You may have seen pictures of St. Bernards carrying little kegs of Brandy around their necks to keep stranded hikers from freezing to death. But does alcohol really keep you warm? Not only is the answer here a definite No, but in fact the opposite is true.
While alcohol may make you feel warm, it actually makes you colder. Alcohol makes your blood vessels to expand in a process called “Vasodilation”. This allows your blood to rush to the surface of your skin, where most of your nerve endings are. Since your blood is all warm and toasty, a flood of blood into the dilated capillaries means that you feel a rush of heat.
But that heat is coming from your own body’s core temperature. So, when your blood rushes to your skin, which is in contact with the colder air, that heat rapidly dissipates and causes your body temperature to drop. That’s why your capillaries were actually constricted in the first place, to stop your blood from rushing to the surface.
That’s one of your body’s only ways of protecting you from the cold and stopping you from freezing to death. And here’s another reason you might want to reconsider taking a swig from you flask when you’re out on the chairlift or whatever.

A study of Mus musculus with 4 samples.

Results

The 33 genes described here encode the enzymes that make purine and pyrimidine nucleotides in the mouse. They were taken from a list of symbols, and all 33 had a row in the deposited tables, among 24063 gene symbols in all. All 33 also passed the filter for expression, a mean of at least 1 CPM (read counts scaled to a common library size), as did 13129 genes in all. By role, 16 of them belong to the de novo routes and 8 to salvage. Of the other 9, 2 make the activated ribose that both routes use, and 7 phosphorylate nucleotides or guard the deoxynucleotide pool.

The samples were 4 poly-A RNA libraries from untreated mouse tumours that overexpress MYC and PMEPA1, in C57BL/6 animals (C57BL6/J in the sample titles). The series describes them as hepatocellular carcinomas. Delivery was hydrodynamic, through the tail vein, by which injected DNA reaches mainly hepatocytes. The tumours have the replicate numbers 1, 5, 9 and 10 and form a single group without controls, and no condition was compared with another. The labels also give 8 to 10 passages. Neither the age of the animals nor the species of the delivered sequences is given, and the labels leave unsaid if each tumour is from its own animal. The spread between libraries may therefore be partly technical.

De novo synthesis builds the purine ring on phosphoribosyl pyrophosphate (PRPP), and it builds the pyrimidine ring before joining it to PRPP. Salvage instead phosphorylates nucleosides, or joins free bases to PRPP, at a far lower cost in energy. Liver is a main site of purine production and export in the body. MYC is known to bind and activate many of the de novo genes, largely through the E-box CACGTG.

If you’ve wondered about the burning sensation you feel in your mouth and throat when you partake, it is because the alcohol tinkers with the nerve receptors that you use to detect heat. When these receptors, which are heat activated proteins called “TRPV-1”, come into contact with alcohol their threshold for detecting warmth actually drops from 42 degrees Celsius to 34 degrees, lower than your body temperature.
So the burn that you feel when you drink is actually just you…you feel like you’re getting scolded, but what’s really happening is that your nerve cells have suddenly just become extra sensitive to your own body heat. Just when you thought alcohol couldn’t get anymore interesting. But long story short, if you’re trying to stay warm when it’s cold out, skip the Brandy and Schnapps and go straight for the hot chocolate.